I have had cause recently to consider the issue of God's timing.... This arose because, on this occasion, I had run off towards a goal faster than the church was ready (or able) to follow, but it did get me thinking about this.
In the history of God's people, particularly after Pentecost, (this is a genuine question to which I do not yet know the answer).. is the main problem people moving slower than God is urging or people moving quicker than He is moving? It's an interesting one. My feeling is, looking over the span of 'church history', that the main problem is people not seeing God clearly enough, not following God closely enough and not keeping up with Him when He is moving. Perhaps those who know me would say 'well he would say that wouldn't he..' which may be fair bearing in mind I have just admitted to wanting to move quicker than the church was ready.
When talking about this to other people I often notice an attitude that owes more to the Muslim faith than to Christian truth. There is an almost 'fatalistic' attitude implicit in the 'you've got to wait on God's timing. It is very close to a 'what will be will be' mentality. The often unspoken implication of this attitude in answer to the question 'How do we know when it is God's timing?' is 'when it happens of course!'.
A 'fatalistic' attitude is not really acceptable on pretty much any level but certainly not biblically or theologically, (not unless you are hopelessly determinist). The other 'chestnut' that is usually hauled out at this point, if it's not too tired, is the 'waiting for the Spirit in Jerusalem'. I'm really not convinced that a group of followers waiting, as directed by Jesus, for a specific and unique event is necessarily the pattern for all future Christian activity when it comes to God's timing. We always seem to want to give the answer 'wait' rather than 'catch up'. Anyway, this does not presuppose an answer, although my suspicions are obvious. If one can generalise to this extent, in terms of God's timing, the problem besetting the church has rarely been that of moving too quickly.
I am always interested in Acts 16 v 6 onwards - called 'Paul's vision of the man of Macedonia' in the NIV....but that's not the point. Paul was dashing about trying to get into places to do God's will - but he kept being prevented from doing so (how frustrating). That in itself is a bit of a conundrum. Should Paul have simply waited on God's timing and not moved till he 'had the vision'? Or was he right to rush onwards trying to gain entry to countries hither and thither. Was he rushing ahead of God or was that 'reaching out' part of the process of discerning the timing? Was the discernment in the activity rather than the waiting? Well, that could be one model, but it certainly won't be the only one.........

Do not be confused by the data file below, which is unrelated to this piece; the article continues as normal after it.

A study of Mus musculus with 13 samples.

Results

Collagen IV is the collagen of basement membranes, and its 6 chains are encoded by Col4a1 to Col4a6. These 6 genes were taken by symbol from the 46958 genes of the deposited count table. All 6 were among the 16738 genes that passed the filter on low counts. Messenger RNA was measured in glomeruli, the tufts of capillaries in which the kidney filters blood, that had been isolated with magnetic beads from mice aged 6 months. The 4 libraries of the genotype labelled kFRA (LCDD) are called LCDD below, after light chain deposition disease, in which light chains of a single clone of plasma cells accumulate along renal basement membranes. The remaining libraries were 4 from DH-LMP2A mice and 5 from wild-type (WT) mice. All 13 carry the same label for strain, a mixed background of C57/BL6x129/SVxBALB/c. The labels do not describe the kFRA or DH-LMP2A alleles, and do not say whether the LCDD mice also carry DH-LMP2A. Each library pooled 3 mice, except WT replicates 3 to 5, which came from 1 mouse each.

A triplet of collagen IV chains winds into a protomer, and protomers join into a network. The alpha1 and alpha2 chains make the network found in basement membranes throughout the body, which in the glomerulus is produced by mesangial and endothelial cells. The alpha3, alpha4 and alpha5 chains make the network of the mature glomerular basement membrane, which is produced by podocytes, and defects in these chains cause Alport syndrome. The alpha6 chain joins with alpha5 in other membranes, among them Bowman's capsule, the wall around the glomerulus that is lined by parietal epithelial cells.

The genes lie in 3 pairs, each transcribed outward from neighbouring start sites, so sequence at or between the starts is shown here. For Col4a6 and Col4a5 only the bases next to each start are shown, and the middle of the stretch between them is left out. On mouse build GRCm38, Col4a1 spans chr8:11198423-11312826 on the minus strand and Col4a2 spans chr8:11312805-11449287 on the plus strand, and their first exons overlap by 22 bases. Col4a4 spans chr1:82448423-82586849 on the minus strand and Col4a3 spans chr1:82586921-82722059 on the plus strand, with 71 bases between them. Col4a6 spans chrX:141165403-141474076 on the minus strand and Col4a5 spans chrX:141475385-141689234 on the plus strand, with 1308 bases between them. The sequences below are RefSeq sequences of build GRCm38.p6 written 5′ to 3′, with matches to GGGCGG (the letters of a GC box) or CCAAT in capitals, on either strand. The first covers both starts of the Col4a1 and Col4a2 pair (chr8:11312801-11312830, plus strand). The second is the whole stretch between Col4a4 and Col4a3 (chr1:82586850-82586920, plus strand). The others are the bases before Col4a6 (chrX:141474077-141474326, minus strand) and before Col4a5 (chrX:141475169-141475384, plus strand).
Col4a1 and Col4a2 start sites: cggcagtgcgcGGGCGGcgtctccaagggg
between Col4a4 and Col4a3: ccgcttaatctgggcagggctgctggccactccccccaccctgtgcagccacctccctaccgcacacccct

Well, I know for sure that those who are not steeped in God's Word and open to His Spirit are not particularly in a position to know if they are moving too fast or too slowly, in fact they are hardly in a position to recognize where God is at all. Sadly, I am not a stranger to that state. So, familiarity with God's Word and closeness to His Spirit are good places to begin the timing discussions. I am going to have a look around the Word, read what others have said and experienced and see if I can get to the bottom of the timing issue as it seems getting it wrong has the potential to either push a church beyond where it wants, or is able, to go (which is destructive) or missing out on blessing that God wants to give, which certainly not a course any Christian would knowingly want to pursue. It's always good to get into God's Word with a purpose.